Perhaps Dana Porter put it best during the Irrigation Show: “Did you know that John Deere will hire every kind of engineer except nuclear engineers?”
Porter, a professor and Extension program director at Texas A&M AgriLife Extension, was making the engineers in the room aware of a growing issue: Agriculture needs more engineers, and the competition is going to get heated.
Porter is the lead author of a new article presented at the Sixth Decennial National Irrigation Symposium held during the recent Irrigation Show in San Diego, titled “Challenges and Opportunities for Education in Irrigation Engineering.”
The article — written in partnership with representatives from the University of Nebraska-Lincoln, Kansas State University and USDA’s National Institute of Food and Agriculture — looks at a twofold challenge. There’s a need for more engineers, and with the increasing complexity of ag systems, that requirement grows.
While Porter is focused on irrigation engineers, the challenge remains across all of agriculture. This complex world asks more of farmers every day in raising our food, which will take better systems and equipment to get the job done. Whether talking about water-sipping irrigation systems that use less energy to get better yields or a more energy-efficient tractor to cover more acres in a day, the common denominator is a need for engineers.
With the world of engineering expanding everywhere — computers, marketing, communications and more — attracting engineers to agriculture becomes even more competitive. Many college students in engineering programs aren’t familiar with agriculture; however, their outside perspective would bring new approaches to major problems. It’s just attracting them to the industry.
Taking irrigation engineering as an example. Porter notes in the article that engineers are at the forefront of developing irrigation solutions. “We’re seeing declining enrollment in irrigation engineering,” she says. Technically, this is a subset of agricultural engineering, but as the need for better water management rises, this role becomes more critical.
Of course, landscape irrigation is being hit hard, too, but agriculture is also challenged, which will force the evolution of Extension programs focused on engineering. Already, there are programs to encourage farmers to be better at managing water on their land and preserving fast-draining aquifers. But this challenge is just one indication of a growing problem — and there isn’t going to be an easy solution.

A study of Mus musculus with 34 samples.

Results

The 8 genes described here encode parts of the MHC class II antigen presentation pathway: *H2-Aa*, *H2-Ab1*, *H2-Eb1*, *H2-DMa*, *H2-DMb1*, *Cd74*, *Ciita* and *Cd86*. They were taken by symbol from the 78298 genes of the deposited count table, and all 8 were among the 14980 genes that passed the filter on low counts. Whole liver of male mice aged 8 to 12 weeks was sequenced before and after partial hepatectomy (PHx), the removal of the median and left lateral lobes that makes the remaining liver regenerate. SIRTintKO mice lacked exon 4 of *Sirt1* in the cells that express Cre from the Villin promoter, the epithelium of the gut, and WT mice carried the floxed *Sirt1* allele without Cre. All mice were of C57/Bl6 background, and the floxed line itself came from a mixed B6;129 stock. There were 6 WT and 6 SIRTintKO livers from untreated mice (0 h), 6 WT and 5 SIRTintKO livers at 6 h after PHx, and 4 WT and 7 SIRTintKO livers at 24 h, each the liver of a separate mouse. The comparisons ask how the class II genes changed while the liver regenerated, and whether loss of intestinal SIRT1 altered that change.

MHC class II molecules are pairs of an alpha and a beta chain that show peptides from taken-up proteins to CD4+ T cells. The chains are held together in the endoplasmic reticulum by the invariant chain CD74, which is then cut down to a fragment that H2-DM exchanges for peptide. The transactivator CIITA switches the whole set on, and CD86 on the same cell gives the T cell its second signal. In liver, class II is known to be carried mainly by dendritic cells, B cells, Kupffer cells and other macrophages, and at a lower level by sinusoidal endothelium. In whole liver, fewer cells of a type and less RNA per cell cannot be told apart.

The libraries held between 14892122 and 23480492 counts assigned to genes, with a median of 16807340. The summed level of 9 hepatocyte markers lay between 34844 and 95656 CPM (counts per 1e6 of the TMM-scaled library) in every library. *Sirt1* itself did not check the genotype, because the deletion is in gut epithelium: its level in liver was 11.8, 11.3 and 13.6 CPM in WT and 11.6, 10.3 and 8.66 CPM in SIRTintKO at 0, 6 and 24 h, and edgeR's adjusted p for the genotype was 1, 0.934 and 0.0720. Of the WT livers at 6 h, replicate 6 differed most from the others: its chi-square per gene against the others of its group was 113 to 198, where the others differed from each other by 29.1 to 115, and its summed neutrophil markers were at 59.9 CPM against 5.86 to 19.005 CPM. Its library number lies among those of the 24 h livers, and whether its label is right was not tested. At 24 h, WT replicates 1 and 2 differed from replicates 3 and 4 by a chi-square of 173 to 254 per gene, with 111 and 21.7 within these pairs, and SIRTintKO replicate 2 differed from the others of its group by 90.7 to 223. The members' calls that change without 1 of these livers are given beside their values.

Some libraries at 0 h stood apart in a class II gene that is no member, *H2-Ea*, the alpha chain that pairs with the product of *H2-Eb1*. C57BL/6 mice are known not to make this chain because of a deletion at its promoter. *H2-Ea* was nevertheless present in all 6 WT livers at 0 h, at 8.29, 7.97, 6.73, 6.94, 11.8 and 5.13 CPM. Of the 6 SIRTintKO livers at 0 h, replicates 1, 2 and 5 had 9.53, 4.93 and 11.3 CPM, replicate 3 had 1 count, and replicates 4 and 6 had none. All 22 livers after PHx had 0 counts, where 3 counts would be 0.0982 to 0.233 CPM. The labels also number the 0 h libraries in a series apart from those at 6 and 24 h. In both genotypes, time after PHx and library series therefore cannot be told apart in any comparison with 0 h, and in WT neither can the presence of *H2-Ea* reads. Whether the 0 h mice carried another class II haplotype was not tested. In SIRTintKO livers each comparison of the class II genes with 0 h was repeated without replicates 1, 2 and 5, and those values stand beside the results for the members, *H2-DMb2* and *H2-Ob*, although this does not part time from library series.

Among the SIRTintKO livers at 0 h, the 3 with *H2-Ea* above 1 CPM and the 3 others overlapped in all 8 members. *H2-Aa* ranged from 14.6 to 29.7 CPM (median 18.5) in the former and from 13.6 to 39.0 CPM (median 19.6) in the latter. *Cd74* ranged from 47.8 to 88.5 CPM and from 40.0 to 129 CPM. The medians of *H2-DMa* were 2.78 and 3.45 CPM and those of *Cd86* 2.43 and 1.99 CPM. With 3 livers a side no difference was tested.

Extension is being challenged because, frankly, the pay scale is a little different at a university than it is at a major company. No offense to John Deere, Agco, Valley and the rest; they’re running a business and they reward the market for value. And engineers bring value.
Yet Extension engineers are doing the basic research, and developing the models and baseline work that eventually moves into those corporate systems. One example is the supervisory control and data acquisition — better known as SCADA — system, which uses complex engineering based on soil, biological and atmospheric sciences, and integrates in-field sensors to help manage irrigation water use. This is time-consuming, in-field work that has been the hallmark for Extension ag engineers from the beginning.
Sure, private engineers can do similar work, but the base built from USDA and university Extension work to manage water is incorporated into those commercial systems. Why reinvent the wheel? The challenge is funding cuts to key programs at universities and changing priorities in the market. It’s a problem with no easy solution.
But when I’ve talked with engineers, both private and Extension, there’s one issue that keeps coming up: This is engineering for a greater good. Agriculture matters to the world, and in dealing with the rising challenges of weather and the need for improved data usage, a little help will matter.
Many farmers who read this column are involved in their local and state communities. When it comes to engineers and engineering, perhaps getting the ear of a board of regents member at your favorite land-grant school would be a good start. It couldn’t hurt.